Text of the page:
Doves and pigeons constitute the bird family Columbidae, which includes about 310 species. Pigeons are stout-bodied birds with short necks, and short, slender bills (and in some species, these bills feature fleshy ceres.) They primarily feed on seeds, fruits, and plants. This family occurs worldwide, but the greatest variety is in the Indomalaya and Australasia ecozones.
In general, the terms "dove" and "pigeon" are used somewhat interchangeably. Pigeon is a French word that derives from the Latin pipio, for a "peeping" chick, while dove is a Germanic word that refers to the bird's diving flight. In ornithological practice, "dove" tends to be used for smaller species and "pigeon" for larger ones, but this is in no way consistently applied, and historically, the common names for these birds involve a great deal of variation between the terms. The species most commonly referred to as "pigeon" is the rock dove, one subspecies of which, the domestic pigeon, is common in many cities as the feral pigeon.
- The Dove,
On silver pinions, winged her peaceful way.
- James Montgomery, Pelican Island (1827), Canto I, line 173.
- Not half so swift the trembling doves can fly,
When the fierce eagle cleaves the liquid sky;
Not half so swiftly the fierce eagle moves,
When thro' the clouds he drives the trembling doves.
- Alexander Pope, Windsor Forest (1713), line 185.
- Anon, as patient as the female dove,
When that her golden couplets are disclosed,
His silence will sit drooping.
- The dove and very blessed spirit of peace.
- So shows a snowy dove trooping with crows.
Hoyt's New Cyclopedia Of Practical Quotations
- Quotes reported in Hoyt's New Cyclopedia Of Practical Quotations (1922), p. 201.
- And there my little doves did sit
With feathers softly brown
And glittering eyes that showed their right
To general Nature's deep delight.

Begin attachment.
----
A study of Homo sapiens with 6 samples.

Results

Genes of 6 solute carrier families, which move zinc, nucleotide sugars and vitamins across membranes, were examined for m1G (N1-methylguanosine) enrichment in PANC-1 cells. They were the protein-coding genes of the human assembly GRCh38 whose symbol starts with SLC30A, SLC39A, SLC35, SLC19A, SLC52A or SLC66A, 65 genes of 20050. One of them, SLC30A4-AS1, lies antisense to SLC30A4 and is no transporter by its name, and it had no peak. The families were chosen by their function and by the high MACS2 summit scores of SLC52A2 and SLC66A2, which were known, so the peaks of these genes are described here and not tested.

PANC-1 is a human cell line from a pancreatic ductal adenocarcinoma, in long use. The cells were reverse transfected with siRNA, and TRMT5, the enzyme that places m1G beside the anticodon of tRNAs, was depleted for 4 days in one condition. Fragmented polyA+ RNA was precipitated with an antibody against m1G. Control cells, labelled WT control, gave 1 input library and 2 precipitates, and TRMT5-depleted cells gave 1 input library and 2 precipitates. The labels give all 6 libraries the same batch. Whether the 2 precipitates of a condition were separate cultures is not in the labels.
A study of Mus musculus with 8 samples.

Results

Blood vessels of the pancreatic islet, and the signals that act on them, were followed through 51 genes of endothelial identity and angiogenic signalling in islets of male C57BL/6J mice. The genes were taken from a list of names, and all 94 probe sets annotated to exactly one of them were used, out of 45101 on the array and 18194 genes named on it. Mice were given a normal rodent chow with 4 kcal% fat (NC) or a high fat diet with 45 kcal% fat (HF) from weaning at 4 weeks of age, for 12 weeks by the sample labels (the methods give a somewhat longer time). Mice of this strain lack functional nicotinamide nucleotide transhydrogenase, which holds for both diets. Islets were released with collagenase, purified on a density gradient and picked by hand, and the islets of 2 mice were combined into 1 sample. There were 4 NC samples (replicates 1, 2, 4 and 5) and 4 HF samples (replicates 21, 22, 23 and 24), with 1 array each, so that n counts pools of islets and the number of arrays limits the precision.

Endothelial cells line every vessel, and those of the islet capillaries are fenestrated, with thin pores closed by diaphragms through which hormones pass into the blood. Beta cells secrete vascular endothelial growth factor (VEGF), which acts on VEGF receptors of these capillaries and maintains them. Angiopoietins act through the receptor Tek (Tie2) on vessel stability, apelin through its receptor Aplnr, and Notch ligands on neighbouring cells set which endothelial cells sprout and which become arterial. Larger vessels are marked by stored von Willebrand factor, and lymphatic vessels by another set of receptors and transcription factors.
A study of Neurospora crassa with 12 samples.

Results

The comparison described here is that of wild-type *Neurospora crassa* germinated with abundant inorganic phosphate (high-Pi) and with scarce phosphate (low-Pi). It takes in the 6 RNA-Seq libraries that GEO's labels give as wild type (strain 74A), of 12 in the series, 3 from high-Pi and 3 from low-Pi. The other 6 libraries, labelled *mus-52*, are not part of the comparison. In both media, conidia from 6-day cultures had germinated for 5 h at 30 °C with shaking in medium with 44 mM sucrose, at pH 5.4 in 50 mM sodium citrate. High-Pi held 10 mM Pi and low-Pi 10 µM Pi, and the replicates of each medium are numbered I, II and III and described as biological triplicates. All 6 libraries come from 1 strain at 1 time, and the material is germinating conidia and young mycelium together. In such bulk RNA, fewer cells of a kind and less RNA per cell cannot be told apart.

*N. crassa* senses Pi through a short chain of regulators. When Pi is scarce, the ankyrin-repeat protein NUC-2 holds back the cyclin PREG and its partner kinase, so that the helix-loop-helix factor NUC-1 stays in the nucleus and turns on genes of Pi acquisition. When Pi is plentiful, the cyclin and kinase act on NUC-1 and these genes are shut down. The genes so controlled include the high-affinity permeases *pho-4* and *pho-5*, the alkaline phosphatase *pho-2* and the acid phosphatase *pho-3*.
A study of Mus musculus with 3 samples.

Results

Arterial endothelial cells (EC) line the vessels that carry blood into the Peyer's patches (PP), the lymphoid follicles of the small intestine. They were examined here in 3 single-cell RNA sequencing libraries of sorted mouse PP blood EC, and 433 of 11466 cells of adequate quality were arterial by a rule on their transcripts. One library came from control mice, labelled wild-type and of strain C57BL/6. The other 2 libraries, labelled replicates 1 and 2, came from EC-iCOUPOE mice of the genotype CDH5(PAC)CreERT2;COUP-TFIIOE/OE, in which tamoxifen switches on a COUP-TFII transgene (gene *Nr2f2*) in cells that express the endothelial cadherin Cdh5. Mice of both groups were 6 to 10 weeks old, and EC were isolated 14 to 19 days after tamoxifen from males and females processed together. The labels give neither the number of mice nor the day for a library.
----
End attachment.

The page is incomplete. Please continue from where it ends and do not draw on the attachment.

- Elizabeth Barrett Browning, My Doves.
- The thrustelcok made eek hir lay,
The wode dove upon the spray
She sang ful loude and cleere.
- Geoffrey Chaucer, The Rime of Sir Thopas.
- As when the dove returning bore the mark
Of earth restored to the long labouring ark;
The relics of mankind, secure at rest,
Oped every window to receive the guest,
And the fair bearer of the message bless'd.
- John Dryden, To Her Grace of Ormond, line 70.
- Listen, sweet Dove, unto my song,
And spread thy golden wings in me;
Hatching my tender heart so long,
Till it get wing, and flie away with Thee.
- George Herbert, The Church, Whitsunday.
- We roar all like bears, and mourn sore like doves.
- Isaiah. LIX. 11.
- See how that pair of billing doves
With open murmurs own their loves
And, heedless of censorious eyes,
Pursue their unpolluted joys:
No fears of future want molest
The downy quiet of their nest.
- Lady Mary Wortley Montagu, Verses, Written in a Garden, Stanza 1.
- Ut solet accipiter trepidas agitare columbas.
- As the hawk is wont to pursue the trembling doves.
- Ovid, Metamorphoses, V, 606.
- Oh that I had wings like a dove! for then would I fly away, and be at rest.
- Psalms. LV. 6.
- And oft I heard the tender dove
In firry woodlands making moan.
- Alfred Tennyson, Miller's Daughter.
- I heard a Stock-dove sing or say
His homely tale, this very day;
His voice was buried among trees,
Yet to be come at by the breeze:
He did not cease; but cooed—and cooed;
And somewhat pensively he wooed:
He sang of love, with quiet blending,
Slow to begin, and never ending;
Of serious faith, and inward glee;
That was the song,—the song for me!
- William Wordsworth, O Nightingale! Thou Surely Art.
- Wood-pigeons cooed there, stock-doves nestled there;
My trees were full of songs and flowers and fruit,
Their branches spread a city to the air.
- Christina G. Rossetti, From House to Home, in Goblin Market and Other Poems (1862), Stanza 7.
- With his mouth full of news
Which he will put on us, as pigeons feed their young.
- Thou pigeon-egg of discretion.
- This fellow pecks up wit as pigeons pease.
- 'Tis a bird I love, with its brooding note,
And the trembling throb in its mottled throat;
There's a human look in its swelling breast,
And the gentle curve of its lowly crest;
And I often stop with the fear I feel—
He runs so close to the rapid wheel.
- Nathaniel Parker Willis, The Belfry Pigeon; reported in Hoyt's New Cyclopedia Of Practical Quotations (1922), p. 597.